The United Nations Biodiversity Conference in Montreal closed this past December with an unprecedented agreement to place 30 percent of global degraded landscapes under protection by 2030, especially emphasizing the need to respect indigenous and local communities rights in the process.
Yet, despite ambitious policies and strong financial interest, recent restoration efforts have not reached targets: only 18% of land pledged for restoration by 2020 had been restored by 2019,1 and the world is currently off track in meeting targets set for 2030.2
Global restoration agenda setting has so far primarily been driven by insights from ecologists, especially by mapping studies outlining potential of restoration across scales. These studies have provided important advances on the global scope and geographical heterogeneity of the challenge, and have played a crucial role in mobilizing attention and efforts toward restoration.
However, social aspects such as power relations, governance systems, and value trade-offs also play a key role in determining whether a restoration project sustains over time. Yet, these factors have been given less attention in policy. In a recent external page study 3 colleagues and I show how areas identified by other scholars4 to be of highest restoration priority around the world are inhabited by more than a billion people who disproportionately belong to groups with below-average health outcomes, education levels, and income. These people are in many cases directly dependent on their landscape for food security, and often have strong cultural ties to their lands.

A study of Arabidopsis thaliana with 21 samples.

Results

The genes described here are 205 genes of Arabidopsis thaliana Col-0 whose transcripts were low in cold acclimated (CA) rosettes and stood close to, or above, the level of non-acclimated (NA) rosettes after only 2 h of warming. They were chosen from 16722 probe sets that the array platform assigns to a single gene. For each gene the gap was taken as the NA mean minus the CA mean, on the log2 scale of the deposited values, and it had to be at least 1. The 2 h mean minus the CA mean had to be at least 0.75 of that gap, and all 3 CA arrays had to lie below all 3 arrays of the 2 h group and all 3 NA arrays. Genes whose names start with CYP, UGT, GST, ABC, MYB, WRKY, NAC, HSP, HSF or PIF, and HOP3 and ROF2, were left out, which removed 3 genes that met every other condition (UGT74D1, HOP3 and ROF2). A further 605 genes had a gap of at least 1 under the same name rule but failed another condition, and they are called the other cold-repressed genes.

How social processes affect restoration outcomesCurrent restoration often takes place in the context of strong power imbalances, where external funders typically have more power to decide on if, where and how restoration is carried out, while local communities who are most vulnerable to its outcomes often are the ones with least say.
Furthermore, favored objectives are likely to differ substantially between actors. Whilst local people tend to benefit from restoration projects that are integrated in agricultural systems, follow cultural forest practices, and/or yield economic benefits, private financers often favor restoration projects with strong climate change mitigation profiles. This translates to a preference to invest in fast-growing monoculture carbon farms5 which may go directly against the objectives of local communitites and may have detrimental effects on ecosystems.
’Restoration projects will be more likely to sustain, and thereby to realize ecological objectives, if they align with local people’s desires for their landscapes.’In all of this, the question of who governs a landscape becomes apparent. Land-use policies driven by actors in the Global North but implemented in the Global South have a burdensome track-record of increasing marginalization of local communities for the benefit of carbon objectives, especially when decisions are made by distant but powerful stakeholders.6 Conversely, a growing body of evidence shows how local communities can benefit from sound ecosystem restoration when decision-making is decentralized and equitable.7
There is an obvious moral argument for more equitable restoration: the people living in restorable areas are the most affected to how a landscape is altered, and should therefore have the strongest say in decision making.
But beyond ethical reasoning, restoration projects will be more likely to sustain, and thereby to realize ecological objectives, if they align with local communities’ desires for their landscapes.8 People are simply more likely to maintain a participative restoration project that benefits them.